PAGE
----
Michigan companies partner to create 90-mile fiber route connecting Southfield to Lansing

‘Southfield is kind of the connectivity hub of Michigan’

By: Kathryn Pentiuk | Southfield Sun | Published January 25, 2023


The 18-monthlong project aims to provide broadband services to underserved communities using a state-of-the-art fiber optic network. The companies are Southfield-based 123NET, DayStarr Communications in Owosso, and Peninsula Fiber Network, serving both of Michigan’s peninsulas and areas of Wisconsin.

“A lot of people don’t know that Southfield is kind of the connectivity hub of Michigan, and Lansing is the state capital,” 123NET Vice President Chuck Irvin said. “So, it’s a big, important city. I think it ranks maybe something like the sixth largest (Michigan) city in size. So, we’re very happy to connect those two cities. And today, there isn’t a direct fiber route between those two cities. If you wanted to get connectivity to Lansing, you would have to go from Southfield to Ann Arbor, and then over to Jackson and then north to Lansing.”

Irvin explained that there is a growing need for an updated network and that the copper and coax networks that once were sufficient in the early days of the internet are no longer sustainable to accommodate heavy reliance on internet usage.

“Fiber has almost limitless capacity. So, it’s not like, ‘oh, you went to twisted copper, and then that eventually got upgraded to coax and then that fiber’s here, and then something’s around the corner.’ Fiber is the end. The fiber capacity is so great that we likely will never need to upgrade it to something else. So, it’s a solution that should last 50 or 100 years.”

During the pandemic, reliance on dependable broadband services grew as more people began working remotely and students were learning online. The outdated infrastructure has become stressed, and as a response to this, the state of Michigan launched the Michigan High-Speed Internet Office in 2021.

That office was created through Executive Directive 2021-2 with the ambition of providing high-speed internet access to every home, business, institution and community, and ensuring that 95% of Michigan households adopt a permanent home internet connection. More than 212,000 households in Michigan lack access to a high-speed internet connection. An additional 865,000 are facing affordability, adoption or digital literacy issues, making up approximately 31% of Michigan households without affordable and reliable high-speed internet connections.

Michigan’s internet office’s Realizing Opportunity with Broadband Infrastructure Networks, or ROBIN, grant program, fueled by funding from the federal Coronavirus Capital Projects Fund, aims to bring “high-speed internet access to unserved locations such as homes, businesses and institutions without internet service of at least 100/20 Mbps from at least one internet service provider.”

Additionally, the state internet office has developed a Michigan Infrastructure Asset Map to map out the location of high-speed internet infrastructure in all of Michigan’s 83 counties, which will help in obtaining funds and launch a new geospatial platform with the ROBIN program that will support potential applicants for grants.

“The state companies like ours have a goal of getting that access out to more people than anyone else can offer it to,” Jason Bordeaux, the director of sales at Peninsula Fiber Network, said. “It’s not just about getting to the most populated areas. It’s not just about getting to the areas where you can have the most profit because there’s a higher population or whatever other factors may impact that. It’s about making sure that we have 100% of the people in the state of Michigan covered.”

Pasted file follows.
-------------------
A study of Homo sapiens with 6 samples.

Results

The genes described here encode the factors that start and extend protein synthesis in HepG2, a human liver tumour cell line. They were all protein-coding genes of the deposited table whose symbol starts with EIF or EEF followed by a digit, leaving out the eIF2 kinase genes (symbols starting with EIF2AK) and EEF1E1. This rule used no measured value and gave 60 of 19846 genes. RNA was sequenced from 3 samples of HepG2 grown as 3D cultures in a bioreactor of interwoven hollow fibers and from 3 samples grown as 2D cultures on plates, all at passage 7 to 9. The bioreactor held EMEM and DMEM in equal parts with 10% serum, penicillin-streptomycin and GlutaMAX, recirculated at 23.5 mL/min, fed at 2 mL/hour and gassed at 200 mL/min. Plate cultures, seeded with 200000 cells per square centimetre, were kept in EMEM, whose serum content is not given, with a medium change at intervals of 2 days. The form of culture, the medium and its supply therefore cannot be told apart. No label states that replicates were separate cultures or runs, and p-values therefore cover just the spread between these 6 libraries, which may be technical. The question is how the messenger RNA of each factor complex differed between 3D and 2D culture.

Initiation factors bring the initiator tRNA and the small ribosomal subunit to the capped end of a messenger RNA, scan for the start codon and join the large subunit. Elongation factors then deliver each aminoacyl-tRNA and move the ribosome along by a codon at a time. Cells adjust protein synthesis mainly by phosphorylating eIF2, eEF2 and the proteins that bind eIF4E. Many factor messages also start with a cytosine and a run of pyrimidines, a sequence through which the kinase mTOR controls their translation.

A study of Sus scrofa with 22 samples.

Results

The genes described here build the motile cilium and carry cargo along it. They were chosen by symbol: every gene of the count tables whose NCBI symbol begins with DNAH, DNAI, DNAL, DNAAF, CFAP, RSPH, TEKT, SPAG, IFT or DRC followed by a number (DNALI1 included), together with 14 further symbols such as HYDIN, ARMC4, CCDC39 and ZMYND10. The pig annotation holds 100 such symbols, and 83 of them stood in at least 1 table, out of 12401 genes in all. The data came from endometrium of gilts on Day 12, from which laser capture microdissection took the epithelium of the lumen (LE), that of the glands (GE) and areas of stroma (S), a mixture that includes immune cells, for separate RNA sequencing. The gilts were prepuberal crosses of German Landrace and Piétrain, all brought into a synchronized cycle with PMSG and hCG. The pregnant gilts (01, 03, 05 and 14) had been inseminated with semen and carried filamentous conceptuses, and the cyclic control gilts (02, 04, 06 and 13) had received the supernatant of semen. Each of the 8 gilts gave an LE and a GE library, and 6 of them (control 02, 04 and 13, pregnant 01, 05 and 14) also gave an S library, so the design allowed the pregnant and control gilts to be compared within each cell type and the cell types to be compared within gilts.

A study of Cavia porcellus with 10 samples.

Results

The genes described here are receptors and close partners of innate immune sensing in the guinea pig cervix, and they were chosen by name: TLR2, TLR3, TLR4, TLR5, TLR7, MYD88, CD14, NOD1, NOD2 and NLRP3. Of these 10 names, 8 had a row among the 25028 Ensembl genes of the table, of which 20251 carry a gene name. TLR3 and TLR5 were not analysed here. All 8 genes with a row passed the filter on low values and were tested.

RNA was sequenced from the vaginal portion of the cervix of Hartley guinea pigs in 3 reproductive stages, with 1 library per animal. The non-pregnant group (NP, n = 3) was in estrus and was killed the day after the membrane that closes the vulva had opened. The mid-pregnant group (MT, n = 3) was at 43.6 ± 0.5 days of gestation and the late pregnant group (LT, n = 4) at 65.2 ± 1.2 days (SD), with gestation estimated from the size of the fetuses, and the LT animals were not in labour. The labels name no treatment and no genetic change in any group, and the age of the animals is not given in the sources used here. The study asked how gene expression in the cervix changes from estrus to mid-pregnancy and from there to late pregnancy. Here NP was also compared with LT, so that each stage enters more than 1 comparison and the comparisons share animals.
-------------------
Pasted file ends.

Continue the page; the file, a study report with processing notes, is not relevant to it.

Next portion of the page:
Irvin from 123NET explained that this partnership between the three Michigan-based companies provides them with a deeper understanding and insight that larger companies may not have.

“We have the benefit of knowing where the need is. We intentionally bent and maneuvered this route between Lansing and Southfield through the underserved parts. There are cheaper and faster ways to build this network. But we didn’t want to just get from A to Z; we wanted to make sure that we were passing through areas that actually had need along the way.”

According to data from the Michigan High-Speed Internet Office, there are many advantages to being connected to high-speed internet. Students with high-speed internet access at home maintain an overall grade point average of 3.18, as opposed to the average 2.81 GPA for students without home access and the 2.75 average for students who only have access through their phones. Homes with broadband access can boost a household’s annual income by $1,850 annually. Specifically, small businesses with a website have higher revenue than those without, and farmers with high-speed internet access have an average 6% increase in revenue.

The Michigan High-Speed Internet Office’s data also shows that there are health benefits to having internet access, such as the effective use of telemedicine, which can reduce hospitalizations and health care costs, as well as lower mental health issues such as isolation.

DayStarr President Collin Rose shared a heartwarming story of an elderly woman living in the country without broadband access. Her nephew, who lived in Canada, wanted to get her an iPad so he and his family could FaceTime her, since she was unable to travel, so he reached out to the only service provider in her area, DayStarr.

“We were her only option, and she didn’t know how to do anything with technology. So, we reached out to the local school and lined up a student to help her set up the iPad while we got the internet going. She has since passed away, but in the last years of her life, she was able to spend quality time video-conferencing with her nephew through the work we do. It’s stories like that. That’s why we do what we do.”